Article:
Ambassador Hiroki of Japan | 2016-01-14 17:20:53.0
South Africa v Japan - IRB Rugby World Cup 2015 Pool B
Japan's Karne Hesketh celebrates with team mates after scoring their third try to win the game during South Africa v Japan - IRB Rugby World Cup 2015 Pool B - Brighton Community Stadium, Brighton, England on September 19, 2015
Image by: Reuters Staff / Reuters / REUTERS

Shockwaves reverberated around the world as rugby fans, glued to their television screens, watched in awe as Japan beat South Africa in the 2015 Rugby World Cup.

Commentators called it the biggest shock in Rugby World Cup history.

Robert Kitson, rugby union correspondent for The Guardian newspaper in the UK, summed up the Brave Blossoms’ performance on the day: “Japan was sharper in thought and deed throughout, varied things smartly in the lineout and was an absolute credit to the coaching brains of (Eddie) Jones and his forward lieutenants Steve Borthwick and Marc Del Maso.” 

Before the tournament, other teams viewed Japan as an easy opponent that would merely give them a passport through to the next round.

In fact, it was well known among rugby fans that the Japanese national team won only once in the 28-year history of the World Cup Rugby.

Therefore, we are deeply humbled by expressions of admiration, congratulations and respect bestowed on the Japanese players by the general public of South Africa. I am very grateful for the sportsmanlike attitude of the South Africans and cannot help but wonder the reasons for the progress of the Japanese national team.

I believe the improvement of the Brave Blossoms should be attributed to their sustained efforts to develop, backed by the Japanese work ethic.

Simply described, this ethic is based on the idea that hard work is intrinsically virtuous and worthy of reward.

The ethic is founded on the principles of diligence, perseverance, discipline, respect and team-work, which are synonymous with Japanese culture and essential to achieving one’s goals. These virtues have been passed on from generation to generation and are deeply rooted in the Japanese culture.

Visit any educational institution, sports stadium or workplace in Japan and you will see the Japanese work ethic in action. It is these virtues which were evident in our national team as they surprised the world with their victories over Samoa and the US as well.

In the business world, our work ethic has seen Japan become a world leader in the automotive, electronics, robotics and information and communication technologies industries, among many others. Our companies are renowned for their innovation and quality of workmanship, and their products can be found in markets all around the world. It is also this work ethic that governs our relations with our trade partners and which has led to much success in our stated mission of supporting development in Africa and South Africa.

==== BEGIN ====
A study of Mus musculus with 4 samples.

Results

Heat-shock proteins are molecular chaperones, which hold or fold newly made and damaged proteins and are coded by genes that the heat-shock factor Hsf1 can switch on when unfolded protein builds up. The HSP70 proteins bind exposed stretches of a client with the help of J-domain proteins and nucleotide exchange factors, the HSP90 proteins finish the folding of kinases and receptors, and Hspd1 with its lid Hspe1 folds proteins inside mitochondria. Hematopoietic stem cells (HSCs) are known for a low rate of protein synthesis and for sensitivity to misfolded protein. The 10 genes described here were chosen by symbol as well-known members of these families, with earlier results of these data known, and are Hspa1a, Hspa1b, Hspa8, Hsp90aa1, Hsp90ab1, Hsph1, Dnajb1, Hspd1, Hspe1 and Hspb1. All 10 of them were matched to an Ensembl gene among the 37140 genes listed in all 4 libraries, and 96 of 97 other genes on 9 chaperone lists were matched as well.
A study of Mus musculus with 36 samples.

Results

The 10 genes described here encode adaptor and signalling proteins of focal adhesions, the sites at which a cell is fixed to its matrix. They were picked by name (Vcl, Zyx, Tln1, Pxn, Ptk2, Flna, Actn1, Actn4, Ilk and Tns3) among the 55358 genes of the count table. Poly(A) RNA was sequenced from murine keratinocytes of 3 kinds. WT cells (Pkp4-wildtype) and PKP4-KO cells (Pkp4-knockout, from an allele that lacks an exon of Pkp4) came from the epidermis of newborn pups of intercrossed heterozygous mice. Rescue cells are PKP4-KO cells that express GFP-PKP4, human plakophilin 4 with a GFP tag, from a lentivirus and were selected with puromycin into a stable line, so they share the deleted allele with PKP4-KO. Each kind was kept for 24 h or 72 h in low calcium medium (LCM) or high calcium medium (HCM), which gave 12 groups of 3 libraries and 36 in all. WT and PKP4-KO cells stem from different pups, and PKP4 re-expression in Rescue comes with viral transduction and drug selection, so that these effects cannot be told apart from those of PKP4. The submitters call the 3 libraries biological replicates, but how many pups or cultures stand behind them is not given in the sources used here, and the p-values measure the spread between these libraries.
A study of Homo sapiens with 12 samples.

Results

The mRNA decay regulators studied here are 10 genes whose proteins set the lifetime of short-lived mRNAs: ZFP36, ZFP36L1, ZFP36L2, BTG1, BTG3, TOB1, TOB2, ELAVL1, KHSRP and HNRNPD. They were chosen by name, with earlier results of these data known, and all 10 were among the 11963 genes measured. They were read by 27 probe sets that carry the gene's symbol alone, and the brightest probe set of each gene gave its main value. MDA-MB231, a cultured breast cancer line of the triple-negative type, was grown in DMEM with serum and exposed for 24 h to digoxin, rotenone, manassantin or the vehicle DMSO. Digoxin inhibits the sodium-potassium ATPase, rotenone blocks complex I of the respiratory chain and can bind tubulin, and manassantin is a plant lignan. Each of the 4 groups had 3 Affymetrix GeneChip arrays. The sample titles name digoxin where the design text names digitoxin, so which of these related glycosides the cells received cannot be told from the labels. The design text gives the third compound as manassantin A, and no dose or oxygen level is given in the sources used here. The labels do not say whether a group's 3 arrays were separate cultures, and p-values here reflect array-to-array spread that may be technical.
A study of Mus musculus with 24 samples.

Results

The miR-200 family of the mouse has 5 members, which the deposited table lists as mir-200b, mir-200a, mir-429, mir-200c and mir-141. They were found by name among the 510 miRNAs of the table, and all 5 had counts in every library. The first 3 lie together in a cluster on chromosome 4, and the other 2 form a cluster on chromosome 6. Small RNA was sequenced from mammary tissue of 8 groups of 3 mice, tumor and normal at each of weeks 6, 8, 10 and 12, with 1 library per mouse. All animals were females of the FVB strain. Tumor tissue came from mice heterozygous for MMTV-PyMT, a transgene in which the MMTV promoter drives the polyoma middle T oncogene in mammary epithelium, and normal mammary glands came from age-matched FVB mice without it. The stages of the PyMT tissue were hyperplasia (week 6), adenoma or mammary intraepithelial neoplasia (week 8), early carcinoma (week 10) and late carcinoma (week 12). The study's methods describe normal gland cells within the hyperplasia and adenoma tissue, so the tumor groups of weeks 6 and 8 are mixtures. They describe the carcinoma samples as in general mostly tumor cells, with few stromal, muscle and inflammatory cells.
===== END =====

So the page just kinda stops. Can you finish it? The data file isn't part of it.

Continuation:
Historically Japan has opened its arms to foreign cultures and systems, while maintaining its own traditions. This has injected energy, vitality and diversity into Japanese society. For instance, just after the samurai era ended around 1868,  young reformists travelled to European countries to learn how to achieve industrialisation and then integrated core European principles into Japanese industrial culture. By continuously being open to learning from others and adapting what they have learnt, the Japanese have excelled in many areas. And in the case of rugby, this has started to pay off.

It is my hope that young people in Japan, South Africa and in other countries around the world are reminded that a strong work ethic is key to reaching one’s goals, no matter the field of endeavour.

Therefore, I would like to encourage the young generation to establish a culture in which success is measured by hard work. To be able to participate and compete in the global economy, one needs virtues such as reliability, productivity and dedication – important building blocks of a strong work ethic.

Just as the Japanese has learnt from people in other nations, we can also share our Japanese ways with friends in Africa.

In 2015, South Africa and Japan celebrated 105 years of bilateral relations and I am pleased to see that  Japan’s Prime Minister Shinzo Abe met with South Africa’s President Jacob Zuma at the G20 Summit meeting at Brisbane in 2014 and agreed to work together for the success of the 6 Tokyo International Conference on African Development (TICAD) which will be held on the African soil in 2016 for the first time in its history.

At the 5 TICAD held in Yokohama, Japan in 2013, the need for human resource development in Africa was recognised, as was the value of increasing the number of African people visiting Japanese companies to observe the culture of  Japanese enterprise  systems.

That is why I am delighted that the African Business Education (ABE) Initiative for Youth is providing opportunities for 1,000 young African men and women to study Master’s courses at Japanese universities and to gain valuable work experience through internships at Japanese companies.

In addition, at the third Japan Seminar in Johannesburg last September, I am delighted to hear that the Deputy President Cyril Ramaphosa supported the idea of Japan’s efforts to provide training to South African artisans. As the Department of Higher Education and Training has said, I understand that South Africa has entered  ‘‘the Decade of the Artisan’’, and the fostering of skilled workers are required for further infrastructure and industrial development in this country.

I hope these Japanese initiatives will help young and talented South Africans to further develop their strong work ethic, and to gain effective skills and knowledge, which will sustain industrial development in South Africa and the rest of countries on this continent.